Norfolk pigeon Information

From Wikipedia

Norfolk pigeon
Hemiphaga novaeseelandiae spadicea.png
Illustration by Keulemans, 1907
Scientific classification e
Kingdom: Animalia
Phylum: Chordata
Class: Aves
Order: Columbiformes
Family: Columbidae
Genus: Hemiphaga
H. n. spadicea
Trinomial name
Hemiphaga novaeseelandiae spadicea
Latham, 1801

The Norfolk pigeon or Norfolk Island pigeon (Hemiphaga novaeseelandiae spadicea), sometimes called a wood quest, was a subspecies of the New Zealand pigeon (kererū) that inhabited Norfolk Island. This population probably colonized Norfolk Island from New Zealand during the Pleistocene. [1] It became extinct around the turn of the 20th century.


German naturalist Johann Reinhold Forster described the Norfolk pigeon as Columba argetraea in 1794, however the name was not used. [2] English ornithologist John Latham described it as Columba spadicea in his 1801 work Supplementum Indicis Ornithologici. [3]

Twenty specimens of the Norfolk Pigeon are known. Three of these are in the Natural History Museum, Leiden, [4] two in the Natural History Museum New York and one specimen in World Museum Liverpool. [1] DNA extracted and sequenced from toepad tissue revealed that the Norfolk Island pigeon is genetically sister to the New Zealand Hemiphaga novaeseelandiae population. [1]

Early records from Norfolk Island indicate the local people gave it the name "wood quest", however the name was not passed on from the second settlement to the Pitcairn settlers. The term is related to the words "queece", "queest" and "quist" used for the wood pigeon in the West Midlands and southwestern England. [5]


Sketch from John Hunter's Birds & flowers of New South Wales drawn on the spot in 1788, '89 & '90

The abundance of the Norfolk pigeon at the time of the island's settlement is unknown. Early records indicate the presence of the bird, but do not contain any information on its numbers. Based on the behaviour of the other subspecies, it is likely that the bird relied upon fruiting plants for food. [6]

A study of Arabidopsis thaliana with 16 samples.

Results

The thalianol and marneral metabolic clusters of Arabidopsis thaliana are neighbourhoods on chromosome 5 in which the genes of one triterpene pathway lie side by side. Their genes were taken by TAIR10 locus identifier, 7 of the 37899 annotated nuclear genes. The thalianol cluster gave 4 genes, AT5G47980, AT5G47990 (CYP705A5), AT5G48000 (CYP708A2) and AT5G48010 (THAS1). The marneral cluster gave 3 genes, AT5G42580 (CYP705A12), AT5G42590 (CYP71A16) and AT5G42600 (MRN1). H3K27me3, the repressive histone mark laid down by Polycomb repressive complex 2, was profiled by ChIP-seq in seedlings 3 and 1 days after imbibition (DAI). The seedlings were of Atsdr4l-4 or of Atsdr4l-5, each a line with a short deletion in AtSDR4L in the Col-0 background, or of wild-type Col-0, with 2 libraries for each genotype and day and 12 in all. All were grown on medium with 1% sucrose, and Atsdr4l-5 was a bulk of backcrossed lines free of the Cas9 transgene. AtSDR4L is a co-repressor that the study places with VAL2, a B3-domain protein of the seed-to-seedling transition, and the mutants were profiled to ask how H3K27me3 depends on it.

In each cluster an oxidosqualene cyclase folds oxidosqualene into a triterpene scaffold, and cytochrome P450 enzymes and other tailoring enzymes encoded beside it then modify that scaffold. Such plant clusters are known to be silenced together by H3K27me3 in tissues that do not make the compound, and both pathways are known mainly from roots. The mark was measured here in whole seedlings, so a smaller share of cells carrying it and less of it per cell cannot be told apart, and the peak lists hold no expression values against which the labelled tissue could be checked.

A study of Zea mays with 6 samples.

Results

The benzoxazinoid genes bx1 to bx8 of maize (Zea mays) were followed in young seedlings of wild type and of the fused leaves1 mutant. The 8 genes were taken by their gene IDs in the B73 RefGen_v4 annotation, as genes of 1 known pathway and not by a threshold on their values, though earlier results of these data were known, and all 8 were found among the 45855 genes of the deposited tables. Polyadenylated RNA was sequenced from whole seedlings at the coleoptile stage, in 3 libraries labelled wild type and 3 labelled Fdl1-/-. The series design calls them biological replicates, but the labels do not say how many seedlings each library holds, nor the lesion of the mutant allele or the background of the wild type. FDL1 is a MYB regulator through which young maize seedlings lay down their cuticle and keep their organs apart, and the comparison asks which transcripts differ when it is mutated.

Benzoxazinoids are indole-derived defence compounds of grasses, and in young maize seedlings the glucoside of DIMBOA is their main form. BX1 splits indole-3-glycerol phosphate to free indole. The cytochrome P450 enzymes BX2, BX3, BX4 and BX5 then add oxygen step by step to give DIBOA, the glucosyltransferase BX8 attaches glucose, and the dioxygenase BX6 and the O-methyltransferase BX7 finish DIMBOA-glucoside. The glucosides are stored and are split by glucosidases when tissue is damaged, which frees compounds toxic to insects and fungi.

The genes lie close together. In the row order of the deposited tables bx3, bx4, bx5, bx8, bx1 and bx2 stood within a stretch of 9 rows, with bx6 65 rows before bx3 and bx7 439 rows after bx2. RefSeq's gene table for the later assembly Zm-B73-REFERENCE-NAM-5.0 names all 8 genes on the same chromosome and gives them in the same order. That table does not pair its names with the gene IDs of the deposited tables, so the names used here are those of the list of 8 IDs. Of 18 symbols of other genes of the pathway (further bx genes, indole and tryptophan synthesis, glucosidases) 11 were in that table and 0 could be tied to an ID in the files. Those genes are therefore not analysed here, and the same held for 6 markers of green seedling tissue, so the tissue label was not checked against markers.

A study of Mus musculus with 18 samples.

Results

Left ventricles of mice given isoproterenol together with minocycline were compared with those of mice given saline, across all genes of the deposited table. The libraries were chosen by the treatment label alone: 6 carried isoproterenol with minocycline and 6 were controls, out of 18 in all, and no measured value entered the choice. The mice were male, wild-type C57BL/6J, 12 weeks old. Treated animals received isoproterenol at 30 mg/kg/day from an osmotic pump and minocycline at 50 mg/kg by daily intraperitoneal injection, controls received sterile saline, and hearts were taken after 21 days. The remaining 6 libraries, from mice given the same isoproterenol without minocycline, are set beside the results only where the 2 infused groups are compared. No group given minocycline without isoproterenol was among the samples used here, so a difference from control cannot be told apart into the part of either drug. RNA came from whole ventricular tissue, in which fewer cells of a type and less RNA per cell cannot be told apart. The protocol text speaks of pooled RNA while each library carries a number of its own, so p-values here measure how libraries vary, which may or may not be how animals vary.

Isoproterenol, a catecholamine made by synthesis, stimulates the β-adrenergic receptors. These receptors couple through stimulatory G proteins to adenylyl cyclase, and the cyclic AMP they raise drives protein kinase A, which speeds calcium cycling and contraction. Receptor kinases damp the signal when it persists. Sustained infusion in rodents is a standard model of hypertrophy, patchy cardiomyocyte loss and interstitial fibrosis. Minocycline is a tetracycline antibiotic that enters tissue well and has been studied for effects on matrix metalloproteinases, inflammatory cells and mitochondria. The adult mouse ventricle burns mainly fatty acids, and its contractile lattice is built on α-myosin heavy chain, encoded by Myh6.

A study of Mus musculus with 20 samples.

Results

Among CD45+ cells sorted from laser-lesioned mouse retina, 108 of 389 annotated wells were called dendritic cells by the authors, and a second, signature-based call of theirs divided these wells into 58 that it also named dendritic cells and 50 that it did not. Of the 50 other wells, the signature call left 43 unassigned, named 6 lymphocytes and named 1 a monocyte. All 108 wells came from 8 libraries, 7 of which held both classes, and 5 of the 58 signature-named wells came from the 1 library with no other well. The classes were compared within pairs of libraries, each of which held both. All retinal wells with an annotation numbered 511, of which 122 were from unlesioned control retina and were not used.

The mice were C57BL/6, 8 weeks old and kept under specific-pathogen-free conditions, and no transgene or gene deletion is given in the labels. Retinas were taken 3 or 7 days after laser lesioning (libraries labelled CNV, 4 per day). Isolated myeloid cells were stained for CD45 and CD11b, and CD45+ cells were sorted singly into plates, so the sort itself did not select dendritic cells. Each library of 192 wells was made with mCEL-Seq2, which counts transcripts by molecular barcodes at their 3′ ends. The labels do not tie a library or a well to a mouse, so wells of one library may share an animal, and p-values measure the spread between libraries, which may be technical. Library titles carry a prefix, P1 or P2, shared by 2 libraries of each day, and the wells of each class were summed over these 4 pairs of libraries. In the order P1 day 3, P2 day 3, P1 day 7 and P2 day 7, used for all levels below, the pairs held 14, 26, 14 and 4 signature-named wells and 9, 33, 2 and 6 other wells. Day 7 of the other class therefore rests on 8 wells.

The extinction of the Norfolk pigeon was caused by a combination of the introduction of cats and weasels, habitat destruction by human settlers, and direct hunting by humans. Before European settlement, the bird had been hunted by Polynesian settlers of the island. When Europeans reached the island, however, the birds remained and the Polynesians did not. [7] The Europeans took up the bird as a food source. An officer of the penal colony there, Ensign Abel Dottin William Best, recorded the species as still quite common in 1838, with his journals mentioning his successful hunting of 72 birds, including 25 on September 18, 1838. [8] The last sighting occurred in 1901. [9] Direct hunting by humans was probably the dominant cause of extinction. [6]


The Government of Norfolk Island released a stamp commemorating the bird on February 24, 1971. [10]


  1. ^ a b c Goldberg, Julia; Trewick, Steven A.; Powlesland, Ralph G. (2011). "Population structure and biogeography of Hemiphaga pigeons (Aves: Columbidae) on islands in the New Zealand region: Population structure of pigeons in New Zealand". Journal of Biogeography. 38 (2): 285–298. doi: 10.1111/j.1365-2699.2010.02414.x.
  2. ^ Australian Biological Resources Study (20 August 2013). "Subspecies Hemiphaga novaeseelandiae spadicea (Latham, 1801)". Australian Faunal Directory. Canberra, Australian Capital Territory: Department of the Environment, Water, Heritage and the Arts, Australian Government. Retrieved 14 September 2021.
  3. ^ R. Schodde, Australia Bureau of Flora and Fauna, I. J. Mason, Australian Biological Resources Study, W. W. K. Houston, A. Well (1997). Zoological Catalogue of Australia. CSIRO Publishing. p. 53. ISBN  0-643-06037-5.{{ cite book}}: CS1 maint: multiple names: authors list ( link)
  4. ^ "Naturalis - Extinct bird: Hemiphaga novaeseelandiae spadicea (Norfolk Island Pigeon)". Nationaal Natuurhistorisch Museum. Archived from the original on 2011-06-08. Retrieved 2008-12-08.
  5. ^ McAllan, Ian (1999). "A Common Name for the Norfolk Island Pigeon". Australian Bird Watcher. 18 (4): 179–180.
  6. ^ a b Stephen T. Garnett & Gabriel M. Crowley (2000). "New Zealand Pigeon (Norfolk Island)" (PDF). The Action Plan for Australian Birds 2000. Environment Australia. Archived from the original (PDF) on 21 May 2011. Retrieved 8 December 2008.
  7. ^ Richard N. Holdaway & Atholl Anderson (2001). "Avifauna from the Emily Bay Settlement Site, Norfolk Island:A Preliminary Account" (PDF). Records of the Australian Museum. 27: 85–100. doi: 10.3853/j.0812-7387.27.2001.1343. Retrieved 2008-12-10.
  8. ^ James L. Moore (December 1985). "Ensign Best's bird observations on Norfolk Island" (PDF). Notornis. Ornithological Society of New Zealand. 32: 319–322. Archived from the original (PDF) on 2008-10-17. Retrieved 2008-12-10.
  9. ^ Day, David (1989). The Encyclopedia of Vanished Species. Hong Kong: Mclaren Publishing Limited. ISBN  0-947889-30-2.
  10. ^ "Bird Stamps Related To Captain James Cook" (PDF). Captain Cook Society. 2005. Retrieved 2008-12-10.